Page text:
Health Activist Writer’s Month Challenge Day Two #HAWMC
Day two of the WEGO Health Activist Writer’s Month which I have signed up for – a month dedicated to the art of writing about health.
Introduce your condition(s) to other Health Activists. What are 5 things you want them to know about your condition/your activism?
While many people think they know what breast cancer is, there are still many myths and misconceptions surrounding the disease which I would like to address in today’s post.
Debunking Five Breast Cancer Myths
#1 – It’s All in the Genes
You know how this one goes. It’s all in your genes, therefore there is nothing you can do to prevent it, so why even try! In fact, the idea in the public’s mind that if there is no history of cancer in your family, you are somehow protected from getting the disease, is an erroneous one. The fact is that only 5-10% of breast cancers are hereditary.
#2 – You Can’t Prevent Cancer
Cancer is a complex group of diseases with many possible causes, including lifestyle factors such as smoking, diet, and physical activity and environmental exposures to different types of chemicals and radiation. What most people don’t realise is that cancer is preventable in many cases. Learning what causes cancer and what the risk factors are is the first step in cancer prevention. Many cancer risk factors can be avoided, thus reducing the likelihood of developing cancer. The current advice is to keep to a healthy weight, exercise three to four hours a week, don’t smoke, limit alcohol use to five or fewer drinks per week, and eat five to nine fruits and vegetables a day.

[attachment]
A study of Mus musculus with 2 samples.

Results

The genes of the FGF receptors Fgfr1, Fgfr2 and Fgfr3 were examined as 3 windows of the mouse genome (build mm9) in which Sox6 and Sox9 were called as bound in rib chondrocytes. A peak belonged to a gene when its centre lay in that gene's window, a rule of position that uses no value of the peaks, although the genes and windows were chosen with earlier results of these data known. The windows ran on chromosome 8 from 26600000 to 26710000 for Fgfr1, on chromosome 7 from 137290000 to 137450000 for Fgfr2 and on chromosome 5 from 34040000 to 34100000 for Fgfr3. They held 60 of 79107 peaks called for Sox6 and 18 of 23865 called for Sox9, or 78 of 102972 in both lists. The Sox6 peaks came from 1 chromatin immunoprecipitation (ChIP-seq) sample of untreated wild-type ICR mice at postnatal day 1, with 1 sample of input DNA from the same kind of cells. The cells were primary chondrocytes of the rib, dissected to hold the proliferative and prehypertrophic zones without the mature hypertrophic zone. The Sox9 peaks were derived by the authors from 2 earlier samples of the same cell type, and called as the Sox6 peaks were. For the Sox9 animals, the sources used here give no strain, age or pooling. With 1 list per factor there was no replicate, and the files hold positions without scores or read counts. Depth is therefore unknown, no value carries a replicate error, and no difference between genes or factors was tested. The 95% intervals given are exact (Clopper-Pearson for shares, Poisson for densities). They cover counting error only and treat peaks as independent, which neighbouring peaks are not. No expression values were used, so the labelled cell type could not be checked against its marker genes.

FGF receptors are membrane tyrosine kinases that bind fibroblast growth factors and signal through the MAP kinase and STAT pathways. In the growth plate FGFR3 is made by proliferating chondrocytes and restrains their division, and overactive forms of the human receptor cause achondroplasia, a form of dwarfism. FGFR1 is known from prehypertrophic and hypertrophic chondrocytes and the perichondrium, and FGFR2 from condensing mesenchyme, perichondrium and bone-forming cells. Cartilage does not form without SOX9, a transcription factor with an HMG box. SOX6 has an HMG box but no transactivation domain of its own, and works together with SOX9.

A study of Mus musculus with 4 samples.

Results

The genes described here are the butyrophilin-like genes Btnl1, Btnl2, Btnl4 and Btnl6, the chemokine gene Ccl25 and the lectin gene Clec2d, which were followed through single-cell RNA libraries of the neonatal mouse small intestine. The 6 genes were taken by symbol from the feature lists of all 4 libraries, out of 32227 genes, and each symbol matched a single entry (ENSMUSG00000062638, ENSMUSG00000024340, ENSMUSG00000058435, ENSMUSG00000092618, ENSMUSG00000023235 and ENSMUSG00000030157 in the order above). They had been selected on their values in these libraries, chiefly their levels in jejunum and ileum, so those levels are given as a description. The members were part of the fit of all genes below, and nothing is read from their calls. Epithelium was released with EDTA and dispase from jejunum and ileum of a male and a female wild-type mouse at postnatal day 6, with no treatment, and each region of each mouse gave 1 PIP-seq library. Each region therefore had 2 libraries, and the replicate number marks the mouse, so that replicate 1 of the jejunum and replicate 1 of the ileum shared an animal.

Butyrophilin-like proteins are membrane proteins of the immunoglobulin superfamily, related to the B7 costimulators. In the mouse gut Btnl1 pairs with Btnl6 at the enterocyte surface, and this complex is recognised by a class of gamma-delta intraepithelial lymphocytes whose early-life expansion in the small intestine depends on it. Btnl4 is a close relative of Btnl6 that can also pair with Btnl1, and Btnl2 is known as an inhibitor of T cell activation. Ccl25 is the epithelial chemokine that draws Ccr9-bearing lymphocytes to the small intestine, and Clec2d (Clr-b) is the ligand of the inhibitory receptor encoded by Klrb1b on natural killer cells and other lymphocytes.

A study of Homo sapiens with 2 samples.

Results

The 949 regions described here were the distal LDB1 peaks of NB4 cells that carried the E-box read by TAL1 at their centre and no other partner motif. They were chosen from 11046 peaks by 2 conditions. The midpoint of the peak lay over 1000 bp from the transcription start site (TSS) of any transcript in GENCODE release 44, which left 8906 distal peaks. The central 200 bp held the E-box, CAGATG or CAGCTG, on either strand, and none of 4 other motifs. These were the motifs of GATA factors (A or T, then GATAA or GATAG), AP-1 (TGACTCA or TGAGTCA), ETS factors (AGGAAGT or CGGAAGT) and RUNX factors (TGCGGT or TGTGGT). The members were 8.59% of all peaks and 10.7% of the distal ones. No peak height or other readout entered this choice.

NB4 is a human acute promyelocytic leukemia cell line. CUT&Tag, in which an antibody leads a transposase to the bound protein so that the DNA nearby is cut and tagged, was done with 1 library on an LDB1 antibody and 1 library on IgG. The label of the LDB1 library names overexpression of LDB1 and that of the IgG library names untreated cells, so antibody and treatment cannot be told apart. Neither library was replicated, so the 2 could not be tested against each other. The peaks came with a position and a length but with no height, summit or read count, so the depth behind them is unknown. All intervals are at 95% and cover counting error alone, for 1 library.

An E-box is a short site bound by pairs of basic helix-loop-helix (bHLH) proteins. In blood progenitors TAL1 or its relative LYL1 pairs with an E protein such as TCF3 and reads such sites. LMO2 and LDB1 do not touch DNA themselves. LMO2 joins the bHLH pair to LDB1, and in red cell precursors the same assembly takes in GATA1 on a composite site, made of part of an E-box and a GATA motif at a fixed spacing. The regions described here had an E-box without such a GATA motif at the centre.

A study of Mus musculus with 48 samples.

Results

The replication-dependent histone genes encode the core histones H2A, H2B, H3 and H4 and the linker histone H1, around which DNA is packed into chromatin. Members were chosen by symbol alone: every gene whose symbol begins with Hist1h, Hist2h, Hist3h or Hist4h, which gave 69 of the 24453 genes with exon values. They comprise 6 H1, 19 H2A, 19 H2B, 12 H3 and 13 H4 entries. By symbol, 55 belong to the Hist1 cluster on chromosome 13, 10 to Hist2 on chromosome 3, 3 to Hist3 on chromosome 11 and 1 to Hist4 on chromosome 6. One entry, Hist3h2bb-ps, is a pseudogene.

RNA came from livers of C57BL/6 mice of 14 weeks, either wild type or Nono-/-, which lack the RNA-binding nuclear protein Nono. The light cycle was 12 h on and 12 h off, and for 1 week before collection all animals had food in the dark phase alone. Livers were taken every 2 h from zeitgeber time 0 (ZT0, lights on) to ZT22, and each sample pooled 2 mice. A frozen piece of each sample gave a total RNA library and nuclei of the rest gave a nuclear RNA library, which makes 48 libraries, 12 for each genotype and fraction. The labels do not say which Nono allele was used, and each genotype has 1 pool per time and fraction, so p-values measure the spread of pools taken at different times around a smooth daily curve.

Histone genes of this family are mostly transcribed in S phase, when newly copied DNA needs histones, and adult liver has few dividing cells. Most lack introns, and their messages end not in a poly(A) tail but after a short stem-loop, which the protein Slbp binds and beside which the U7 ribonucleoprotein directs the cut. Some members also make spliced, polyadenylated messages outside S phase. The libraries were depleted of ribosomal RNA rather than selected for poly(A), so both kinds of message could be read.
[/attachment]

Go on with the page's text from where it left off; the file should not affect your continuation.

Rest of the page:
A history of breast cancer in your mother’s or your father’s family equally influence your risk. That’s because half of your genes come from your mother, half from your father. But a man with a breast cancer gene abnormality is less likely to develop breast cancer than a woman with a similar gene. So, if you want to learn more about your father’s family history, you have to look mainly at the women on your father’s side, not just the men (BreastCancer.org)#4 – A Lump In My Breast Means I have Breast Cancer
Not necessarily. Breast tissue is changing all the time because of varying hormone levels, especially during menstruation or breastfeeding. Lumps can be benign growths of tissue, but if you do feel one you should always have it checked out straight away to be on the safe side.#5 – Stress Causes Cancer
While it is true that stress impacts your health, cancer is a complex disease and the scientific evidence that stress causes cancer is not conclusive. However, this is not the final word on this subject, and subsequent research may prove otherwise.Whatever we believe about the connection between stress and cancer, there is no denying that stress can cause other health problems that negatively impact our lives.